The 25-year-old, previously from Heriot, is in the men’s quad (M4x) line-up, which won a bronze medal in Lucerne at the 2021 World Rowing Cup II in May.
Harry will be on board once again with his fellow oarsmen Angus Groom, Thomas Barras and Jack Beaumont, plus four spare rowers.
He’ll also be joined in the Far East by another Borders team member, Maddie Arlett, of Selkirk, who is reserve rower with the lightweight women’s double sculls.
A full-time member of the GB rowing squad, Harry moved to London in 2012 to pursue his passion for the sport.
"My love of rowing and drive to succeed took me down south a year later,” he said. “My two loves in life are rowing and tractors and, for many years, I worked part-time for an agricultural contractor to help fund my rowing.”
Harry began rowing full-time with the British squad three years ago, so gave up work.
He was very conscious of the backing he’d received from family and friends and was understandably thrilled to be part of the team for Japan.
“Words cannot say how delighted, amazed, nervous and proud I am,” he said. “Think of every emotion and it's there.
"I can’t wait to get out there and hopefully bring a medal home with the other three in the boat.
"Olympic selection and, hopefully, a medal, is what I have driven towards and dreamed of for the last 11 years. I’ve had some great support and coaching at Clydesdale rowing club, following in my brother Jack’s footsteps, and latterly, when I moved to Leander Club, so getting to the Olympics is as much a thank you to them.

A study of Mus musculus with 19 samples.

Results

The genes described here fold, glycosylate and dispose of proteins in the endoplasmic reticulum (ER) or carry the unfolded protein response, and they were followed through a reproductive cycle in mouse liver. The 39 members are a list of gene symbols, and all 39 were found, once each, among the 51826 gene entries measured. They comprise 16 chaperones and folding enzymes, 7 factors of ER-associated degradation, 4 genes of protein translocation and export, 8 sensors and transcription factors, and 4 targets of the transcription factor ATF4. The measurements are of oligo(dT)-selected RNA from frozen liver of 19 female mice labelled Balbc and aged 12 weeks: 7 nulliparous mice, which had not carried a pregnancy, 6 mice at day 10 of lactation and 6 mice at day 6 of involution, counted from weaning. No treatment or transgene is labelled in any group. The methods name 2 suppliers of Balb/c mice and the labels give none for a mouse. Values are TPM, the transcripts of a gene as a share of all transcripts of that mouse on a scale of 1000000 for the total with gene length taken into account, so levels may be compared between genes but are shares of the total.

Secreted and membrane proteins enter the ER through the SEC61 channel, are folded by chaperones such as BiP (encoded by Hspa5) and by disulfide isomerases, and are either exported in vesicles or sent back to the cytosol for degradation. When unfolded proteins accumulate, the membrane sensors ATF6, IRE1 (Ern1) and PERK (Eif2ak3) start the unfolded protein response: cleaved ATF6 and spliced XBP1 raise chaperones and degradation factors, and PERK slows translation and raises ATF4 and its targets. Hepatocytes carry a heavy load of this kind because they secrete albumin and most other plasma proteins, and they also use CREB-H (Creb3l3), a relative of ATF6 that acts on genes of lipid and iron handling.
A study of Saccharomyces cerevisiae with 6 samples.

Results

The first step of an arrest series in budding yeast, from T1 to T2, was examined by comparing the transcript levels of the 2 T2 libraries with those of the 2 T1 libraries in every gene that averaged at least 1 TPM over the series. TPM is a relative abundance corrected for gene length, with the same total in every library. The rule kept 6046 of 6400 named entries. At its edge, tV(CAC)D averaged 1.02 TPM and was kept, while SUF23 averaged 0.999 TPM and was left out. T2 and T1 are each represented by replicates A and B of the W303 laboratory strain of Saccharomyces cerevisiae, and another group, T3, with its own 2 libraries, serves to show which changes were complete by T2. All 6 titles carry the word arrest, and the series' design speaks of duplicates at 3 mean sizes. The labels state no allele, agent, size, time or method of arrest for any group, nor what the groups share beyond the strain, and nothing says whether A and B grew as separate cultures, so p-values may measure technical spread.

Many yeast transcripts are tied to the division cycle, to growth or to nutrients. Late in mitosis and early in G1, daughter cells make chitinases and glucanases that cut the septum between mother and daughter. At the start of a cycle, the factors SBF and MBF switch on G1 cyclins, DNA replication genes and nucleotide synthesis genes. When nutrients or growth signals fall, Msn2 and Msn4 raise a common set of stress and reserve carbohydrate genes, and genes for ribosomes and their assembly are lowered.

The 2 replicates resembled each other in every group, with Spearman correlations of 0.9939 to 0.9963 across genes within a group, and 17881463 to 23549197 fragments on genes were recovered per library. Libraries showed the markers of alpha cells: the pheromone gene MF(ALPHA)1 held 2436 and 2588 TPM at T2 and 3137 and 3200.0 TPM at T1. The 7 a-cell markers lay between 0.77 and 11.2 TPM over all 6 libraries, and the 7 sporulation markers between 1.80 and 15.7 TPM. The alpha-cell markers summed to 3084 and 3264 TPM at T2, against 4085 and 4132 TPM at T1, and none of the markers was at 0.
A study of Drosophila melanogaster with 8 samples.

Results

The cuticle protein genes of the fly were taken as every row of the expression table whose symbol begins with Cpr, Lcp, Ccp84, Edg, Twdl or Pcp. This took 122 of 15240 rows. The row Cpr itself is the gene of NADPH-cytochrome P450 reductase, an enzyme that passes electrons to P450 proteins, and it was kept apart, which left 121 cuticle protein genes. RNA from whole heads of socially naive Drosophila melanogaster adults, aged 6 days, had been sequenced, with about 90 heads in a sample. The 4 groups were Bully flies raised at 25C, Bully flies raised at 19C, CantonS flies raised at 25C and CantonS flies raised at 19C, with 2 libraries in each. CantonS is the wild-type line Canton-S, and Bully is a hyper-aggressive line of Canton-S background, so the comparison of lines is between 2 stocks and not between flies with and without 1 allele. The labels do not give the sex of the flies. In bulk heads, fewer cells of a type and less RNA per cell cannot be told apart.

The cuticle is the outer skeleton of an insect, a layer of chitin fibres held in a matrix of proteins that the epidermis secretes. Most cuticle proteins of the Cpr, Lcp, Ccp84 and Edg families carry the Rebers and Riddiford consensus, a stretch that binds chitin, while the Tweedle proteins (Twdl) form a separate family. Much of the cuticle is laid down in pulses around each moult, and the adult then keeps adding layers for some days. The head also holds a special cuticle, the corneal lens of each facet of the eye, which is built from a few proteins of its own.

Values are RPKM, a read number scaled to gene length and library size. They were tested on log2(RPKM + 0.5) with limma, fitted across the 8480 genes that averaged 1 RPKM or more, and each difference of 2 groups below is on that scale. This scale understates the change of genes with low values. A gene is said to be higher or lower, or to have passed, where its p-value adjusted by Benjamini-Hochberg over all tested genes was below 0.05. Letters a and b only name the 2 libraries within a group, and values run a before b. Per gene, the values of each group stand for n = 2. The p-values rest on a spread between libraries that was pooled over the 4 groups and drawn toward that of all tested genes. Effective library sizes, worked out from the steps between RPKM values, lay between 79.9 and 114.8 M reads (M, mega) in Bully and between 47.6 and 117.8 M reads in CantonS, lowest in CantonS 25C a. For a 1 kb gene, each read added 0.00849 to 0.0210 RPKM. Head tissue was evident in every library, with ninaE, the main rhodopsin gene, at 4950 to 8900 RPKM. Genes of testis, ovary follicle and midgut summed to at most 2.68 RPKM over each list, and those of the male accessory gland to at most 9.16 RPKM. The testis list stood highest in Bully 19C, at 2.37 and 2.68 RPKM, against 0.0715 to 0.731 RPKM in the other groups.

"I suppose you can’t forget my biggest supporters and fans, Mum and Dad. There is one person I wish was here to watch and that’s my granddad Kennedy – he bought my first boat.”
Harry, now based in Henley-on-Thames, won bronze with his team mate two years ago at the European Championships held in Glasgow. Prior to this, he excelled in other events and is also a previous Scottish Junior Champion.Currently at high altitude training in Silvretta, he is due back on Monday, before heading to Tokyo. Rowing at the Games takes place at the city’s Sea Forest Waterway from July 23-30.
After the squad was announced, Lee Boucher, of Scottish Rowing, said: “We are extremely proud of all the Scottish rowers named as part of Team GB for the Tokyo Olympics. Being selected to represent your country at the Olympics is an outstanding achievement in normal times, to do so during a pandemic, given all the challenges and uncertainty, represents exceptional courage, resilience and determination. We wish the team well as they strive to produce their best performances in Tokyo.”
British Rowing director of performance Brendan Purcell said the squad had used the Covid-19 lockdown time away from competition to focus on itself and individual development.
"Since then, the group has thrived, topping the medal table at both the 2021 Europeans and the World Rowing Cup II,” he added.
“Obviously, this Olympic Games will be a totally different experience, with it being the first time in over two years we’ll be competing against many crews from the rest of the world. We don’t have a real form line on them but we believe in the work we are doing and the results of our own performances, and it’s a great opportunity for the coaches and athletes to go out there and write a unique chapter in the legacy of the British Rowing team in this unique year.”
Mark England, Team GB Chef de Mission said: “The team has had some promising results in recent weeks, topping the medal table at the European Championships and World Rowing Cup II, and I am sure they will relish the opportunity to show their form as they race the Olympic course at the Sea Forest Waterway.”